Fetlar – the Garden of Shetland
Fetlar is known locally as ‘the garden of Shetland’. Its diversity of habitats with rich fertile soils, serpentine heath and blanket bog, hosts the highest densities of breeding waders in Shetland. It is an island with a fascinating and diverse ornithological history. It was here that in 1967 Britain’s first Snowy Owls were discovered breeding by the legendary Shetland naturalist, the late Bobby Tulloch.
Even before this momentous discovery Fetlar was already a popular destination birdwatchers and naturalists from far and wide, for the island’s Red-necked Phalaropes. For recent generations the island has been well known as the UK stronghold for this charismatic species. It was in fact the only breeding site for this normally Arctic breeding wader for many decades.
Famed for their role reversal in the rearing of chicks and plumage, the phalaropes are one of the UK’s rarest breeding birds and with patience, luck and our local knowledge we hope to see these charismatic little waders.
Although phalaropes are now also being seen elsewhere, (Fetlar still being the British stronghold), and the owls long died off the island’s reputation and amazing wildlife is still attracting even more visitors several decades on.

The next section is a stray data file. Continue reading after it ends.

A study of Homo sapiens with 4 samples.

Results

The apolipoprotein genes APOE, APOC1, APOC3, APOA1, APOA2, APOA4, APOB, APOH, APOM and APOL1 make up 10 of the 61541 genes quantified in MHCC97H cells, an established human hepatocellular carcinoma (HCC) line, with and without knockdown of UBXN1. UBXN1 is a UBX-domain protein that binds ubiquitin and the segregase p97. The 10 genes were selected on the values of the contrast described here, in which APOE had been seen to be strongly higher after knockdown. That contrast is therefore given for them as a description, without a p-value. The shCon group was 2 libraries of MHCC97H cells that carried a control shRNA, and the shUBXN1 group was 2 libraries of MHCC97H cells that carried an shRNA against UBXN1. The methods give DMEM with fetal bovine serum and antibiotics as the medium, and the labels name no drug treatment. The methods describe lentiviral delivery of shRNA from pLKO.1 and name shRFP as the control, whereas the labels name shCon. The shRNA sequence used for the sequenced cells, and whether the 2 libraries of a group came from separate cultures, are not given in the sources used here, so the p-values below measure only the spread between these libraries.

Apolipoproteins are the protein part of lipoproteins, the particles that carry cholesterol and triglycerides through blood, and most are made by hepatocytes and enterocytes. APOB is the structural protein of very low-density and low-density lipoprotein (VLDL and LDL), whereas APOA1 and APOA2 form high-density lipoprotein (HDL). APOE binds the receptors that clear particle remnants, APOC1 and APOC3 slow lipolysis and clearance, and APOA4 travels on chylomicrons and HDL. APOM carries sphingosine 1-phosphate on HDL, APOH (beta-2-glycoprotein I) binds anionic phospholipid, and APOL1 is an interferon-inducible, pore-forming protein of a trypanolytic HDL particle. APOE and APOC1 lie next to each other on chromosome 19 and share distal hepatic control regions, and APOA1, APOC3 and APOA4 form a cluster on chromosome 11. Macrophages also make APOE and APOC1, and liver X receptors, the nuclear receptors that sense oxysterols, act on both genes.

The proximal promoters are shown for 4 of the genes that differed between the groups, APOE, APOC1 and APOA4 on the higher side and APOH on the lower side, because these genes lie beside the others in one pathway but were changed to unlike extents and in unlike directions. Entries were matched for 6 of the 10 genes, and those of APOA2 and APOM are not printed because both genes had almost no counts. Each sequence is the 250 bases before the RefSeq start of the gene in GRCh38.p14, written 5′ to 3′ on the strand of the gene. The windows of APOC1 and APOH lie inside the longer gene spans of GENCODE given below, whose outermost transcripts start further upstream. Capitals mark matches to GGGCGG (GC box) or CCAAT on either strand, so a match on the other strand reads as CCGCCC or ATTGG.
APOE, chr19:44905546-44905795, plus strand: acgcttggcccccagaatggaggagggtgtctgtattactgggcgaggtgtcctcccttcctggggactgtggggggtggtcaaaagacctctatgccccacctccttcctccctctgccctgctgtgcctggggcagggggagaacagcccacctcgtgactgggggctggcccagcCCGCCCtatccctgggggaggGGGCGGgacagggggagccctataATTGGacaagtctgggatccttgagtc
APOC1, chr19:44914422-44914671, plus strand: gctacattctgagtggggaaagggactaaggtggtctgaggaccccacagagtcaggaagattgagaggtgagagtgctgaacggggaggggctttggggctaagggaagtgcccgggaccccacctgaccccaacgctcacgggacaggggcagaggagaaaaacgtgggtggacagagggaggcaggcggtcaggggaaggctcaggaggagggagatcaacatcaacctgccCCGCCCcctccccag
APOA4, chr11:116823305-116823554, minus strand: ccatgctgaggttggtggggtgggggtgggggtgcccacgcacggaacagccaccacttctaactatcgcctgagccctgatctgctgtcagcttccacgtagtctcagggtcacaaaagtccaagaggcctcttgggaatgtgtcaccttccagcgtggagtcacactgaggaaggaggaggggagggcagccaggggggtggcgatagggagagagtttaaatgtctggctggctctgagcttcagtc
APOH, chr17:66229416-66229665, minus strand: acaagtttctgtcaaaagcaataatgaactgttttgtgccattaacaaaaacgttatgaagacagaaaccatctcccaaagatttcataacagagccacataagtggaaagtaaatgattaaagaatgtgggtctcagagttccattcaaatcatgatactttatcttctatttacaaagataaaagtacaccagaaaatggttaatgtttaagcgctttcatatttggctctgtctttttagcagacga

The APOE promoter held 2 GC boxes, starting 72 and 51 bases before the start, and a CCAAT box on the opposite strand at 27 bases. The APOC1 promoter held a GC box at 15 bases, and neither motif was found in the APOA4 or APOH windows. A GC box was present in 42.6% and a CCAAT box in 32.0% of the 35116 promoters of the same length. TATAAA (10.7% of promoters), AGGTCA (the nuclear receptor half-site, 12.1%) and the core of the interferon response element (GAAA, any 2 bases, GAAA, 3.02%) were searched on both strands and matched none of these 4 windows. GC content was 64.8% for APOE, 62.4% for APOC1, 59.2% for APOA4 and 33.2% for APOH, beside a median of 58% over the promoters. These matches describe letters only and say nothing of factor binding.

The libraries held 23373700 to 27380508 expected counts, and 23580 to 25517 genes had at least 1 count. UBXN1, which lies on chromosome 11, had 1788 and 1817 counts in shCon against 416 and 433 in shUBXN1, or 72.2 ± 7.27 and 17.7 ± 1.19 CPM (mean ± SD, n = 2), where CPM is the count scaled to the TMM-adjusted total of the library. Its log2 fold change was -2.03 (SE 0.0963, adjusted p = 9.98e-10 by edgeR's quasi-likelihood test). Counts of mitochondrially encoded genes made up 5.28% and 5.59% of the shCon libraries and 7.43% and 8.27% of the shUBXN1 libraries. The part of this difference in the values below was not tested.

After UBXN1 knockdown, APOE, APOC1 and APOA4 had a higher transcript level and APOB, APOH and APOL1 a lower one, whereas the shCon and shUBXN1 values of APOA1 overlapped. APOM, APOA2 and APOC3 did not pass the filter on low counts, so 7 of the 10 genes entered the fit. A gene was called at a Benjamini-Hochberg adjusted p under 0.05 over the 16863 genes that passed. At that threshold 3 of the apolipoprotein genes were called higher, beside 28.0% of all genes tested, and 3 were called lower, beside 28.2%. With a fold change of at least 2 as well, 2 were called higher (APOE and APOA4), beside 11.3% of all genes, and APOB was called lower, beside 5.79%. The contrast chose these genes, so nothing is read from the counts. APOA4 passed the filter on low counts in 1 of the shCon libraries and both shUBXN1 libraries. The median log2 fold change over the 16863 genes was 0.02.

The island’s rich and diverse habitats are also a stronghold for nationally rare and scarce breeding species such as Whimbrel, Red-throated diver, Arctic Skua as well as popular summer species such as Golden Plover and Dunlin.
As well as a picnic lunch at the beautiful Tresta beach we will enjoy a short leisurely stroll along low headland of the eastern side of the island to see the rare rock type, known as the Funzie conglomerate, which is unique to the island and can be seen exposed the way along eastern cliffs. From here we will also scan the open sea and with a bit of luck catch a glimpse of a Porpoise or Minke whale, which are often seen off shore. There is also the chance of an Otter encounter too along some of the island’s more remote stretches of shoreline.
Along the way we will also learn of Fetlar’s fascinating history by calling in to the Fetlar Interpretive Centre.